Posted on August 13th 2012
Anyone who has served this country's military knows that the sacrifice, both to country and family, is second to none. As a result, veterans should always be given extra appreciation, dedicated time, and a big thank you. Businesses, in particular, can benefit from taking this approach to engaging vets.
Given the impact that the Internet has on both the young and old, it’s not uncommon to see veterans turning to social media to speak their minds regarding serving in the military, the present state of U.S. politics, and just about everything else discussed on Facebook, Twitter, Google+, and other social networking sites. And this is exactly where companies should seek them out.
Veterans Affairs Department Offers Social Media Policy
Just last year, the Veterans Affairs Department issued a social media policy that "highly encouraged" the use of blogs, Facebook, Twitter, and other web-based media, urging VA employees to interact with the public online.
VA Secretary Eric Shinseki said the new policy would set the groundwork for interaction with veterans through social media. "Veterans should have consistent and convenient access to reliable VA information [in] real time using social media -- whether on a smartphone or a computer," Shinseki noted at the time. But this doesn’t stop with military-specific efforts: The new policy, VA Directive 6515: Use of Web-Based Collaboration Technologies, should encourage businesses and other industry experts to interact directly with veterans via social media as well.
One of the reasons that veterans can oftentimes be found discussing matters in an online venue is the immediacy with which it carries. When someone posts or comments directly on a story, he expects to be noticed and heard. Often, veterans just want someone to listen to their concerns.
On the Veterans United Network for example, people want to share their opinions, and they hope someone will reciprocate their same message. In the end, it's much like any other person who hopes to have their voice heard and included – veterans just understand the need for instantaneous response more fully than others.
For those veterans who may not be engaged in social media, it’s good to point out that those who are involved are more apt to be found on Facebook. I think Facebook and blogs are huge outlets for veterans, simply because they are easy to use for older vets and more commonplace for younger ones. Most military members like to read the news and know what's going on in their cities and around the world, and both Facebook and blogs factor into that sense of community.
Business and Veterans Working Together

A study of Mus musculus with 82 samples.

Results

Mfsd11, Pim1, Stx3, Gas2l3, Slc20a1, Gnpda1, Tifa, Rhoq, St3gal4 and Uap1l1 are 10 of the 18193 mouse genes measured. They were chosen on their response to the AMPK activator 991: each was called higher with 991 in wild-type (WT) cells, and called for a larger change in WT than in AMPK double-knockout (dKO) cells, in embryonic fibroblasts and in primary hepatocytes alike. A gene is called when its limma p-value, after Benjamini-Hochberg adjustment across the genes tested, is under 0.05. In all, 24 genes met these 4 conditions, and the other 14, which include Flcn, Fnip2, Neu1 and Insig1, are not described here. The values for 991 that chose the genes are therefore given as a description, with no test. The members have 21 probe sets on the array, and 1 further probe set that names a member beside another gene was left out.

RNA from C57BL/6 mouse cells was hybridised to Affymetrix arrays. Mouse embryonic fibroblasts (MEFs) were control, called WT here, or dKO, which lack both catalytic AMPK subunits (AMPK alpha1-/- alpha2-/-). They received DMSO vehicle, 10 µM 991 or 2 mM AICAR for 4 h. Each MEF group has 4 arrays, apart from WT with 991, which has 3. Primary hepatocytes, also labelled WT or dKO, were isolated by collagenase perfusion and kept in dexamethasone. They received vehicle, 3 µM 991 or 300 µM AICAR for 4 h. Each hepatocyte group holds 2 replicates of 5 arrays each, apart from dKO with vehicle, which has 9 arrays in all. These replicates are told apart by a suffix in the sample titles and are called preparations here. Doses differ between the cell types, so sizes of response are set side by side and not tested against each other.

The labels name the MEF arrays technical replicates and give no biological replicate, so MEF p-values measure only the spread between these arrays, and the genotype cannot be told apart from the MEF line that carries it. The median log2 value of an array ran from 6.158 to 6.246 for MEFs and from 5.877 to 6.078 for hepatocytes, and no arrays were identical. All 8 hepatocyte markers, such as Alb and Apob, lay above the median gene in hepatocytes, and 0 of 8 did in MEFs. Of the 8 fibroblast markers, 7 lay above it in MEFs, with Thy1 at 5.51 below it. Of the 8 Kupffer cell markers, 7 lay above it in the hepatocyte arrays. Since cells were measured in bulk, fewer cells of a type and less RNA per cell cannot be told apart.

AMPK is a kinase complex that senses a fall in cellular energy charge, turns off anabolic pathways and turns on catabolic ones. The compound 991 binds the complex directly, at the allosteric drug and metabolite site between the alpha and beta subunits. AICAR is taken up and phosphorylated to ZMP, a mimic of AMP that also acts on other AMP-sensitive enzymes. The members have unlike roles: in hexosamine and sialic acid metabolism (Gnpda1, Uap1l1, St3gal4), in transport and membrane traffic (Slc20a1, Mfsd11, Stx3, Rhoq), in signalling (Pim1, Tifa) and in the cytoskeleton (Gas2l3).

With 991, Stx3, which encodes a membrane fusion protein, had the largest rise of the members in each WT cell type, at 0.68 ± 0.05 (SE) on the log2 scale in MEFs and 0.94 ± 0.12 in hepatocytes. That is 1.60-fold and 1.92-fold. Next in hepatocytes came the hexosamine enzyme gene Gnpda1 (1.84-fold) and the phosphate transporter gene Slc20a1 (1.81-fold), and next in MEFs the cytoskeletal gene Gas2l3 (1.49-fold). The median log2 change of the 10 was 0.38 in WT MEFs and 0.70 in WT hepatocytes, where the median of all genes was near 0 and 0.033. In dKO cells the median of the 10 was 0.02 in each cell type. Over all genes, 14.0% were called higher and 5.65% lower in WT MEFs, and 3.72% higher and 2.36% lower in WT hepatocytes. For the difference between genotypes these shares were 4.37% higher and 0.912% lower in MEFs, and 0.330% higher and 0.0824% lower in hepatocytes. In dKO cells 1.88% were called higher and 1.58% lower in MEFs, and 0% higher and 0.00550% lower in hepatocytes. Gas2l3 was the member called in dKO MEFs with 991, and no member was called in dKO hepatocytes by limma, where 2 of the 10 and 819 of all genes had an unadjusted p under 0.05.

It is also important to note that businesses and veterans can work together on social media venues, especially given the large percentage of our former military that’s job hunting.
Those companies that could benefit the most are ones that challenge and include veterans in their daily business lives. If you are looking for opinions or volunteers, target veterans and you will get amazing responses. If you have a business looking to zero in on veterans, you only have to look as far as their likes and dislikes.
Keep in mind that veterans generally love discussing hunting, fishing, guns, and politics. Trust me: They will never shy away from a company that offers discounts to veterans, like Home Depot. Balancing what they like with what you can offer them influences and engages veterans.
In order for a business to begin a conversation with a veteran, it all starts with being a person and not an entity. I understand that remaining corporate is very important to the image of many companies, but allowing yourselves to join the "crowd" and be an "I" when posting, instead of a "we," can make all the difference.
The best way to keep veterans invested when engaging them is to keep things positive and proactive. If you do not have a proper goal, veterans will lose interest and be unable to follow what you want them to do. Remember, veterans are taught to follow by example, so set the example you want to make and ask veterans to match what you are doing (remember, scale matters - do not ask them to donate millions). If you want them to apply for positions, volunteer for your cause, or simply spread the word about your services to other veterans, say so.
In the end, keep it a manageable job; if veterans believe in your cause, they will accomplish the mission. You simply need to approach them.